When you read about efforts to increase performance by throwing multiplicity at the problem, a la SLI or dual cores or master/slave Cells, or PPYs, that’s only one side of the story.
Somebody has to pay the piper for increased complexity, and that’s the programmer.
Given that, it’s interesting to note this game developer essentially say, “Two threads are two to three times harder to do.” Harder as in two to three times the time (and thus expense) to do.
That gives a programming company one of five options.
1) They can do the extra work with the people they have. That means much longer periods between finished products, probably too long at least for games. Would you really be willing to wait eight years for Doom 4?
2) They can hire a lot more people to get the extra work done in the same amount of time. That makes the project a lot more expensive, which means they’ll have to charge more and/or sell many more units. As projects get big, they get bureaucratized, which means you get less and less per extra programmer buck. The need to sell more copies (since $150 games is a non-starter) will mean more marketing costs. None of this is good for small companies.
3) You only multithread those items that give you the best bang for the buck to cut down on increased costs. As the abovementioned link states, in the case of Unreal, only certain aspects of the games will be multithreaded. That makes sense, but also limits the theoretical advantages of all this multi stuff.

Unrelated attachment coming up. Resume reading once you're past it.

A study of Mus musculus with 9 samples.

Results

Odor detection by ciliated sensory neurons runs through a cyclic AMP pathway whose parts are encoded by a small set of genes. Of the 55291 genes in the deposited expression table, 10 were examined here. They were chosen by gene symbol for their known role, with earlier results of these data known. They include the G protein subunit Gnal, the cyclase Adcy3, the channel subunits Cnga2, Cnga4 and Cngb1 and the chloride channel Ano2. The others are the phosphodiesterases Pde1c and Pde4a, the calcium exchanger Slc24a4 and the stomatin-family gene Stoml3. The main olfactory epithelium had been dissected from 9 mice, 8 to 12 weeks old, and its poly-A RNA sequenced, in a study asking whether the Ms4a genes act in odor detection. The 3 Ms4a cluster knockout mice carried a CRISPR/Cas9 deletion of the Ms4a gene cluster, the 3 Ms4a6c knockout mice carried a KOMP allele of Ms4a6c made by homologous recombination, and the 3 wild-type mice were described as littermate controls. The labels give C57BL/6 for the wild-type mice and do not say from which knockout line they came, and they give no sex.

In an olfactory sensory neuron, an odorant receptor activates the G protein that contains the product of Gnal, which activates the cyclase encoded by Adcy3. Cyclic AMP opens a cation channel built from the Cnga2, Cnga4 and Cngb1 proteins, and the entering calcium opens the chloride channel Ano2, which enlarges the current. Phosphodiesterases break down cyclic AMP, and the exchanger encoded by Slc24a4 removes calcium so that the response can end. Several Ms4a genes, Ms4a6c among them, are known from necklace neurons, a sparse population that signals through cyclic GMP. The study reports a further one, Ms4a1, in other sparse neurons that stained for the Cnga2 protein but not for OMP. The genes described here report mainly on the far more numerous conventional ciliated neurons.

4) You let somebody else do the dirty work and license their engine. That will certain increase costs to decrease development time, and you have to wonder how different different games are going to be if they’re all using the same engine, and it would be a flexible engine indeed to simulate the World Series and Waterloo.
5) You don’t bother with it at all. I suspect that most programs will take the easy way out. Not power user programs, of course, but most programs that actually run on your computer are really more applets than anything else. To cite a simple example, do you think Microsoft is going to multithread FORMAT.COM? Will it really be worth the bother to multithread WinZip?
The major challenge for a multithreading OS isn’t going to be handling one or two multithreaded megaapps/games; it’s going to be to make sure lots of little single-apps are allocated efficiently between or among CPUs or whatevers, and that they play well together. Not dramatic, just essential.
Software developers will no doubt use all of these options, or blends of two or more. However, the general trend will be towards more complex, expensive-to-make software that will need more and more money to develop and then sell. As more and more units need to be sold to break even, more and more money will have to be found to sell them, which probably means fewer programs will get the heavy push by fewer, bigger companies.
Sounds a little like the music business, now doesn’t it? Actually, it’s a lot worse than the music business. In the music business, at least the costs of recording and distribution drop due to better technology (though the increased need for marketing takes up the slack). Here, the cost of making and marketing the product will go up a lot.
This means on the commercial side that on the whole, the big guys will get more dominant, and the little guys will fall by the wayside. This will even be true on the open source side; if you have X programmers with X amount of time, and the task becomes two to three times as hard, something has to give.
Sorry, but that’s the hidden price you pay for greater complexity (and a big reason why big corporation seem to end up dominating many markets).